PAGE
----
Sexual harassment in the workplace: Vicarious trauma
Tip sheet for human resources & employees
Sexual harassment in the workplace has the potential not only to harm and traumatize those who are targeted by harassers but it can also erode the feeling of overall safety in the workplace.
Anyone who is exposed to sexual harassment may experience one or more psychological impacts as a result of vicarious trauma, including:
- Administrators who adjudicate, discipline or accommodate employees involved in a sexual
- Sexual harassment investigators.
- Sexual harassment support workers.
- Bystanders or co-workers who have witnessed sexual harassment in the workplace or had the details
disclosed to them.
What is vicarious trauma?
Vicarious trauma refers to the indirect trauma that can occur when people are exposed to difficult or disturbing information, second-hand. There are several physical and psychological signs which serve as “red flag” indicators that you may be experiencing vicarious trauma. Listed are a common few:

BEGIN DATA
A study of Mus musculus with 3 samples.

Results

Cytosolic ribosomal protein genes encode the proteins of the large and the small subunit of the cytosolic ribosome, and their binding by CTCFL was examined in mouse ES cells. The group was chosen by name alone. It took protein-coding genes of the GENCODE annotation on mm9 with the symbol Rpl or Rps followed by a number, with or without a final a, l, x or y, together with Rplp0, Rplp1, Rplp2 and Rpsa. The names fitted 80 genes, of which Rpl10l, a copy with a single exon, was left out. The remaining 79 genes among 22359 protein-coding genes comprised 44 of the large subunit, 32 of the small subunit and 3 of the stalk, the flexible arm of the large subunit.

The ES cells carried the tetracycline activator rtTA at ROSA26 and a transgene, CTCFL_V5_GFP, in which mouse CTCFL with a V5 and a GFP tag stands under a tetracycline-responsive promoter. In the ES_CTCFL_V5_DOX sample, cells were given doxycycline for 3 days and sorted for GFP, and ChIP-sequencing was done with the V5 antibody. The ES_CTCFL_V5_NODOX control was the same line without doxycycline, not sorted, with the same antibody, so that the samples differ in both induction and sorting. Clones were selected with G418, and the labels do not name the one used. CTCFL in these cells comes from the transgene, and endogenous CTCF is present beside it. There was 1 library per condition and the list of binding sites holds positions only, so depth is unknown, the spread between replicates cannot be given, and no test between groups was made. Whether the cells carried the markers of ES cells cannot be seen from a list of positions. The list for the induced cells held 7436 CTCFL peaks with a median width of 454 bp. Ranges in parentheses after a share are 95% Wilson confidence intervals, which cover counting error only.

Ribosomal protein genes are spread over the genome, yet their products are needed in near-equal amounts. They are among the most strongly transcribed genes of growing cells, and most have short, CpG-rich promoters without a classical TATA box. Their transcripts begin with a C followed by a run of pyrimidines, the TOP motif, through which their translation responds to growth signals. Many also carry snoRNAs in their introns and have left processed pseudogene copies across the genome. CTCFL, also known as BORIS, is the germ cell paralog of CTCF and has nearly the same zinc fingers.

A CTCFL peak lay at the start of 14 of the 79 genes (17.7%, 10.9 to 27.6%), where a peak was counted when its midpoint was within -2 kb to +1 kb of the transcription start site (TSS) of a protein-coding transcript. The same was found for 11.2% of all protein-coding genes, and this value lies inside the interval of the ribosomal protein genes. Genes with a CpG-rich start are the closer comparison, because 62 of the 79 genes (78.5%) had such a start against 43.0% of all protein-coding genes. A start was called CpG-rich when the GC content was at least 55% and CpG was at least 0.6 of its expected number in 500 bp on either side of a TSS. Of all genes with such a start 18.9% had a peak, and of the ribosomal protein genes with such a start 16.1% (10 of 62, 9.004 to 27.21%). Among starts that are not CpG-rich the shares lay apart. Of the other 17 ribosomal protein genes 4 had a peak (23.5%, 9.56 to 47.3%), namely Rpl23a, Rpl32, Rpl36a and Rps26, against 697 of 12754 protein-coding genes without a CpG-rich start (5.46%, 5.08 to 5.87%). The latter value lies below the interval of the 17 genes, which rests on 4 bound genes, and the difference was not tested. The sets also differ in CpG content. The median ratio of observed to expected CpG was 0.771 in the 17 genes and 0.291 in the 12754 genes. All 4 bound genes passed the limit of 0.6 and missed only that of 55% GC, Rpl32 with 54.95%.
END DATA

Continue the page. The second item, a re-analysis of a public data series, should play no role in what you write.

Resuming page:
- Exhaustion, insomnia or headaches.
- Increased use of alcohol and drugs.
- Cynicism, anger and irritability at home and/or at work.
- Watching excessive amounts of tv/netflix at night.
- Not returning phone calls at work and/or at home.
- Avoiding colleagues and staff gatherings.
- Impaired ability to make decisions.
- Emotional exhaustion.
- Negative self-image.
- Depression and increased anxiety.
- Difficulty sleeping.
- Impaired appetite or binge eating.
- Reduced ability to feel sympathy and empathy towards clients or family/friends.
If you are experiencing a few or more of these “red flags” you may need to consider the benefits of inviting in an external mental health expert to address the psychological impacts of sexual harassment on the work environment and employees generally. A mental health professional can work with you to safeguard your mental health and everyone who works with you. A mental health professional can help identify vicarious trauma in the workplace; institute regular debriefing sessions; co-create individual and collective self-care strategies; and offer individual or group counselling sessions.